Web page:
Former Chicago Police Cmdr. JBurge  |  AP file photo

Former Chicago Police Cmdr. Jon Burge | AP file photo


When former Chicago Police Cmdr. Jon Burge was sent off to prison, that didn’t exactly close the case on police torture in Chicago.

About 100 men say they are languishing in prison as a result of statements extracted through torture by Burge and his Midnight Crew cabal in the 1970s and 1980s.

No one knows how many of those men are innocent of the crimes for which they were convicted. But we must get to the bottom of those cases — now. The men already have been in prison for decades.

On Tuesday, lawyers from the MacArthur Justice Center and the People’s Law Office filed a class-action petition asking that these men, all African Americans, get a fair hearing. Former Gov. James R. Thompson, former U.S. Attorneys Thomas Sullivan and Dan Webb, former Chicago Police Supt. Richard Brzeczek and other top legal figures filed a friend-of-the-court brief in support.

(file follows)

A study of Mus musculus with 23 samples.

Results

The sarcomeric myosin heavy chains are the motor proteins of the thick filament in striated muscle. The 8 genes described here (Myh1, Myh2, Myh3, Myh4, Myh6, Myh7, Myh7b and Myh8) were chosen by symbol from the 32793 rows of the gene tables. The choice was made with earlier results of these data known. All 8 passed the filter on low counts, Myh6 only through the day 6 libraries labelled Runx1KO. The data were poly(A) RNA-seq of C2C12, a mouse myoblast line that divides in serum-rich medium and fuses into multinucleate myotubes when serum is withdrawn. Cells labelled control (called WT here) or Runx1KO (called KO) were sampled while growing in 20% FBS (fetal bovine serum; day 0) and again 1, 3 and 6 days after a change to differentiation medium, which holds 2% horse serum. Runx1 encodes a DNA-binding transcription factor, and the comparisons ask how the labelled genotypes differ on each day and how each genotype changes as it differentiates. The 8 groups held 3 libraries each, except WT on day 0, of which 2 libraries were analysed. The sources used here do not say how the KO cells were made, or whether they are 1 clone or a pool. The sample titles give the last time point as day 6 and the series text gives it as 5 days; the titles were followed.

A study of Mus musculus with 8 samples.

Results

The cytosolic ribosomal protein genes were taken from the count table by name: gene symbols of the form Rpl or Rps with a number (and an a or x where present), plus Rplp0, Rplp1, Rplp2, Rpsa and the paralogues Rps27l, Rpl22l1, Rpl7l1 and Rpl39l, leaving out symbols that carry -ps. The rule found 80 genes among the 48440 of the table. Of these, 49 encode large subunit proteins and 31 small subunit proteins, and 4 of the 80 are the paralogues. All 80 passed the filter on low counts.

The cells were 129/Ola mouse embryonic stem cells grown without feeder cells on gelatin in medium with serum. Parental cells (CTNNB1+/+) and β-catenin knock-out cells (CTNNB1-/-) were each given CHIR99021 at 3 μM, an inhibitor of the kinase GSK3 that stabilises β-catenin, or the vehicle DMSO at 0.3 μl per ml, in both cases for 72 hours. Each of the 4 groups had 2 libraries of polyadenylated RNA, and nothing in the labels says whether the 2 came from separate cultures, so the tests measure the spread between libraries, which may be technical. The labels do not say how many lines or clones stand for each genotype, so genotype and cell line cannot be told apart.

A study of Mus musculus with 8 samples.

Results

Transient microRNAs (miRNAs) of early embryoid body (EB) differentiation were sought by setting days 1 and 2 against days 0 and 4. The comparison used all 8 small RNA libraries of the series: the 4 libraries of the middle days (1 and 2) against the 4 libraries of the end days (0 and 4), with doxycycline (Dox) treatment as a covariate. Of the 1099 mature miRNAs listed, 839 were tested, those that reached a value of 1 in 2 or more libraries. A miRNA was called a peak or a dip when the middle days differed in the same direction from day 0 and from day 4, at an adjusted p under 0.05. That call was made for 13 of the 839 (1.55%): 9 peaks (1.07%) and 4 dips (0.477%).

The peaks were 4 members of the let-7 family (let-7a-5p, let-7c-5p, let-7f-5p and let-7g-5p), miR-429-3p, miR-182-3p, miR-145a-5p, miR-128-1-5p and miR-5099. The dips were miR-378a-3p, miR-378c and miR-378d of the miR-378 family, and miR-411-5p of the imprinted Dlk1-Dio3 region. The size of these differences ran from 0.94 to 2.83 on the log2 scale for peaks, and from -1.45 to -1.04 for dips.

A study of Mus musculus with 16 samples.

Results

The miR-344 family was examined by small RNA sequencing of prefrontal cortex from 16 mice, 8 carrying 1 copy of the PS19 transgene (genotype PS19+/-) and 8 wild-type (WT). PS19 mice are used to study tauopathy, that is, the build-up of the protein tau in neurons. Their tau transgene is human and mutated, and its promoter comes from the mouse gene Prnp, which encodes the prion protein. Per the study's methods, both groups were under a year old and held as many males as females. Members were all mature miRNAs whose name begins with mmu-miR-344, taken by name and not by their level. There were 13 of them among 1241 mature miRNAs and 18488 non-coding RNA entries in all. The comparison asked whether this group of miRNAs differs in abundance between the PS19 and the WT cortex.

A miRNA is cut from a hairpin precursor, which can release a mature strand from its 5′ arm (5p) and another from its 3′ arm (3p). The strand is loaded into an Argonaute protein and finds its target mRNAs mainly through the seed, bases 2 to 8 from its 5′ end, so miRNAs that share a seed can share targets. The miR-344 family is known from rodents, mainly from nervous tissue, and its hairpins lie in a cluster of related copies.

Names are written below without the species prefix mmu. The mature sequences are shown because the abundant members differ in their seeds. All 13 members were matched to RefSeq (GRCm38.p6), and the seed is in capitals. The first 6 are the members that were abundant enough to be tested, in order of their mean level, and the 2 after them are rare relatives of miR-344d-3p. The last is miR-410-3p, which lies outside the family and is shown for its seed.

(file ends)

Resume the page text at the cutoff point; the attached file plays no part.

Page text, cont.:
Three years ago, Illinois set up a special commission to investigate whether police torture sent innocent men to prison. But in an astounding example of indifference, the Legislature this summer let funding lapse, even after the commission completed work on some cases, finding five in which torture claims appeared to be credible.

Earlier this month, at the urging of Gov. Pat Quinn, the Illinois Criminal Justice Information Authority came up with a $160,000 grant to get the torture commission out of mothballs. But even if a revived commission documents more possible torture cases, the law provides no clear remedy. That’s why the class-action petition needs to go forward.

In the years since these men were sent away, we have learned how Burge’s crew used electric shocks, merciless beatings and mock executions to extract statements. The inmates who say they experienced those horrors may well be telling the truth.

Earlier this year, the Illinois Supreme Court ruled in another case that no convictions may rest even in part on statements obtained through torture.

That’s exactly right. Let’s get at the truth and let justice prevail at last.